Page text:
Forgiven debt may impact your 2013 tax bill

Many studies show that most Americans were in a considerably better financial position in 2012, due in large part to stricter money management and gains in the housing market. However, this was not the case for all individuals and some entered into debt forgiveness agreements to lower their credit card and mortgage balances. While debt forgiveness may have undoubtedly made it easier for them to get back on track and make ends meet, many may be surprised to find a tax bill from Uncle Sam in April.

When lenders agree to forgive or cancel credit card and some mortgage debt, the Internal Revenue Service considers the amounts to be taxable income. In 2012, the IRS sent out an estimated 6.4 million 1099-C Cancellation of Debt forms, up from 3.9 million sent out in 2010, according to USA Today. Therefore, consumers who entered into a debt forgiveness agreement in 2012 should consult their tax preparer to gauge how the IRS may calculate their liability.

Not all forgiven debt is taxable

Although many types of forgiven balances may result in a tax bill, there are several exceptions. For example, debt that is discharged through bankruptcy protection is not taxable by the IRS. Those who receive Form 1099-C for debts discharged through bankruptcy should contact their tax office and fill out Form 982 and file it with their return.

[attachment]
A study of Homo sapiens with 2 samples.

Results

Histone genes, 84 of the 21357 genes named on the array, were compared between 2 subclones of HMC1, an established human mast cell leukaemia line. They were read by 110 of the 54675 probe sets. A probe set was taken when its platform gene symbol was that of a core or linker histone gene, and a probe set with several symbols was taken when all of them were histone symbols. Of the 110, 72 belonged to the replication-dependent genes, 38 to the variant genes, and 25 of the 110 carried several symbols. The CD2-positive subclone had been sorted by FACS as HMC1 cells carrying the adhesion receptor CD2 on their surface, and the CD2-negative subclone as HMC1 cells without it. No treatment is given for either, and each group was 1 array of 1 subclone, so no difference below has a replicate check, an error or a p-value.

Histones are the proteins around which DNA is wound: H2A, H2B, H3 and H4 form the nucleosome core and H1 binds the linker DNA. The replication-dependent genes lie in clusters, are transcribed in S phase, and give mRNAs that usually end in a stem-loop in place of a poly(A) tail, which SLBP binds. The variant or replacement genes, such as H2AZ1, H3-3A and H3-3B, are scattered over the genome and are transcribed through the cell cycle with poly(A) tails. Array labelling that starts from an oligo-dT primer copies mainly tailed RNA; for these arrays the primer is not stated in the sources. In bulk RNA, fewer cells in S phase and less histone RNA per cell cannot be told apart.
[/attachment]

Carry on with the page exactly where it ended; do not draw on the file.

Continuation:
In addition to bankruptcy protection, taxpayers who are considered insolvent at the time their debt was forgiven may also not be taxed on some or all of the cancelled amount. Individuals are considered insolvent if their debts exceeded their assets during the forgiveness phase. This exclusion is also reported on Form 982. Farmers may also find that they will not be liable for all or a portion of their forgiven debt if they meet certain criteria. Those who incurred debt directly from the operation of a farm, earned more than half of their income in the past three years from farming and owed the loan to a person or agency regularly engaged in lending will generally find that their forgiven debt is not considered taxable.

Lastly, non-recourse loans that are forgiven are typically not taxable. A non-recourse loan is one in which the lender's only recourse to recoup their losses is to repossess the property or take legal action against borrowers. For example, homeowners who lose their property to foreclosure will typically not be taxed on their losses.